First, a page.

NOVAK: University Dining isn’t healthy enough

The late-night options in particular are far from healthy

The “first-year 15” is the phrase perhaps second only to “finals week” in the measure of fear struck into the hearts of University students. It’s doubtless that if you haven’t experienced it yourself, you at least know someone who has, to some extent, packed on a few extra pounds here and there in their first couple of months at the University. Research shows the average weight gain in the first year of college is actually slightly more modest. Nevertheless, the majority of students gain some degree of weight in their first year. The mere mention of the phenomenon sends first years running to the Aquatics and Fitness Center, and rouses stress induced (or wistfully reminiscent) flashbacks of unlimited dining hall swipes in the minds of upperclassmen — complete with a dietitian's nightmare of ice cream machines and pizza and arrays of sinfully tasty treats. To its credit, the University does an excellent job of providing healthy choices in the dining halls, with a selection of fruits and vegetables widely available. Unfortunately, however, the dining halls have relatively limited hours of availability, and the current late-night food options are markedly lacking in nutritious and healthy alternatives.

For the most part, first-years have the resources necessary to combat the dreaded “first-year 15.” The recreation facilities all have flexible hours and a good variety of equipment to help students stay active. As mentioned above, the dining halls are also relatively well-stocked with a selection of vegetables and fruits, and they make an effort to at least give students the option to eat healthy. Unfortunately, the same cannot be said for the after-hours eating options for first-years.

Most days, by the time the clock strikes 9 p.m., all the dining halls across grounds are officially closed for the evening, leaving students with very limited options for on-Grounds food. Two of the premier locations to get food after this time, especially among first-year students, are Crossroads and The Castle. On any given night, it is almost a given to see a winding line of students waiting to use a meal exchange after having put off eating in favor of studying, participating in an extracurricular, or something else. Unfortunately, more often than not, the food they are waiting in line to swipe for is packed with sodium, fats, sugars and cholesterol.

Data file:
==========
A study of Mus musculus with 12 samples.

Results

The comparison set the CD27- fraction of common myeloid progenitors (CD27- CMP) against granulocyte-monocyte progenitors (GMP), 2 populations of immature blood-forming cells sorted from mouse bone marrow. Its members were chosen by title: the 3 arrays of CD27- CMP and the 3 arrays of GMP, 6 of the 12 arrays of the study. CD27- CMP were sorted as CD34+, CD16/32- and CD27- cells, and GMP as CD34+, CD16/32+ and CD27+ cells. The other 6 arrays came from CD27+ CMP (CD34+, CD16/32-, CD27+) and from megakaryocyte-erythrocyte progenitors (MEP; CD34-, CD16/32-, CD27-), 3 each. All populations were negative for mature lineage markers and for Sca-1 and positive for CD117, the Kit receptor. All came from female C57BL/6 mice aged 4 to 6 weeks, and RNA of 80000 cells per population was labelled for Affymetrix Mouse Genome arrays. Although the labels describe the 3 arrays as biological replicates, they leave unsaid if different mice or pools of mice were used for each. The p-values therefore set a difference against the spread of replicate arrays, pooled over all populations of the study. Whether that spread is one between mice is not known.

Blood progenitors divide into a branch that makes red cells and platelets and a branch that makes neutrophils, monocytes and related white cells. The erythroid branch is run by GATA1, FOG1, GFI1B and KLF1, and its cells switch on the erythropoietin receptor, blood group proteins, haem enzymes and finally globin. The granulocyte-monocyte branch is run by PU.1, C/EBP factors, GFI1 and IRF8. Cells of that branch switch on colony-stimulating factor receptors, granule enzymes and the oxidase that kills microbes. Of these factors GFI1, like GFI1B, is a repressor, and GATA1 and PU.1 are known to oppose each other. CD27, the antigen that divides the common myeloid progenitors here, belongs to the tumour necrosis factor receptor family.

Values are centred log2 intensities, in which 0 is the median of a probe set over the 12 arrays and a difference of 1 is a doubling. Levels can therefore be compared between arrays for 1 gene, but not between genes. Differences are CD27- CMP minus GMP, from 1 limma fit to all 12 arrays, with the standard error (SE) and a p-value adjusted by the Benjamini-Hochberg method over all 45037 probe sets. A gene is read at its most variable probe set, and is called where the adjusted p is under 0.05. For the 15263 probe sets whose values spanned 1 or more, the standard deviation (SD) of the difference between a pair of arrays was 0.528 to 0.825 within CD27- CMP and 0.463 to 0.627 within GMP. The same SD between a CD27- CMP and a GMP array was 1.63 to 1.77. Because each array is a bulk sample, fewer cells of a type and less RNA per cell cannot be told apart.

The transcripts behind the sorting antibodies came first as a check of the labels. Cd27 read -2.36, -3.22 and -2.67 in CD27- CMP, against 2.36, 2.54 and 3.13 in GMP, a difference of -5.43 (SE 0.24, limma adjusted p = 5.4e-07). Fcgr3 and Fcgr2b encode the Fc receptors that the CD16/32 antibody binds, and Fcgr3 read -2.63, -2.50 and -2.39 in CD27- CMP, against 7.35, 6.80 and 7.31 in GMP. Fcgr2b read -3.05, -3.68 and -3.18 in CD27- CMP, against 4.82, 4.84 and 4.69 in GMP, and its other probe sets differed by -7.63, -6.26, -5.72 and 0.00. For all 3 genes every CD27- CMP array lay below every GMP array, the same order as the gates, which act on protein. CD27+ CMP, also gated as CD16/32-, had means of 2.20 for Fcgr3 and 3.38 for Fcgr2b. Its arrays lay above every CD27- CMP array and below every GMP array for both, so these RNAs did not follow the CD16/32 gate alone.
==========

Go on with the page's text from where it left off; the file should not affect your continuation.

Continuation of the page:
Currently, students can pick from a limited number of menu items at four different restaurants, including Sbarro, Burrito Theory, Claymore’s and Grilleworks. Among the menu items designated for meal swipes (and therefore included in the prepaid meal plans), the average calories per meal is around 500 (not including sides such as chips, fries, fruit or drinks). A look at the menus of Grilleworks and Sbarro (the only menus available online) shows the options available for meal swipes are saturated with excessive levels of sodium, fat, sugar and cholesterol. Many of the options singlehandedly exceed half of the FDA recommended daily values of these substances. Even one of the the healthiest options to be found, the Malibu veggie burger, exceeds a third of the daily recommended intake of sodium.

One look at the menus of these restaurants shows that in order to fully address the dismal nutritional options for after hours food, the University would likely have to expand or change the choices of restaurants available to students. Outside this difficult choice, however, there remains opportunities to improve dietary options for night owls and late-night snackers without major institutional changes. Already, some meal swipe meals include fruit as an option on the side. A relatively easy option would be to expand that option to all meal swipes. Another possibility would be to offer unsweetened fruit juice alongside soda in the fountain drink machines. For the longer term, the University might consider offering a late-night salad bar or restaurant. Ultimately, any policy change would be a welcome reminder to the student body that University Dining truly is committed to offering healthy, nutritious options to students at all times of the day.

It has been shown that the demographic most at risk for weight gain during college are those living on campus with restricted dining options. At the University, nearly the entire first year class falls into that categorization. All first-years are on meal plans, and few have the resources to buy and prepare their own food in dorms. As a result, first-years are especially reliant on University Dining to provide them with the resources to establish and maintain healthy dietary habits. For lower-income students especially, the onus falls on the University to provide nutritious options within the mandatory prepaid meal plans. The University should take specific measures to ensure that students wishing to lead a healthy lifestyle are not let down, regardless of the time of day.

Brendan Novak is a Viewpoint writer.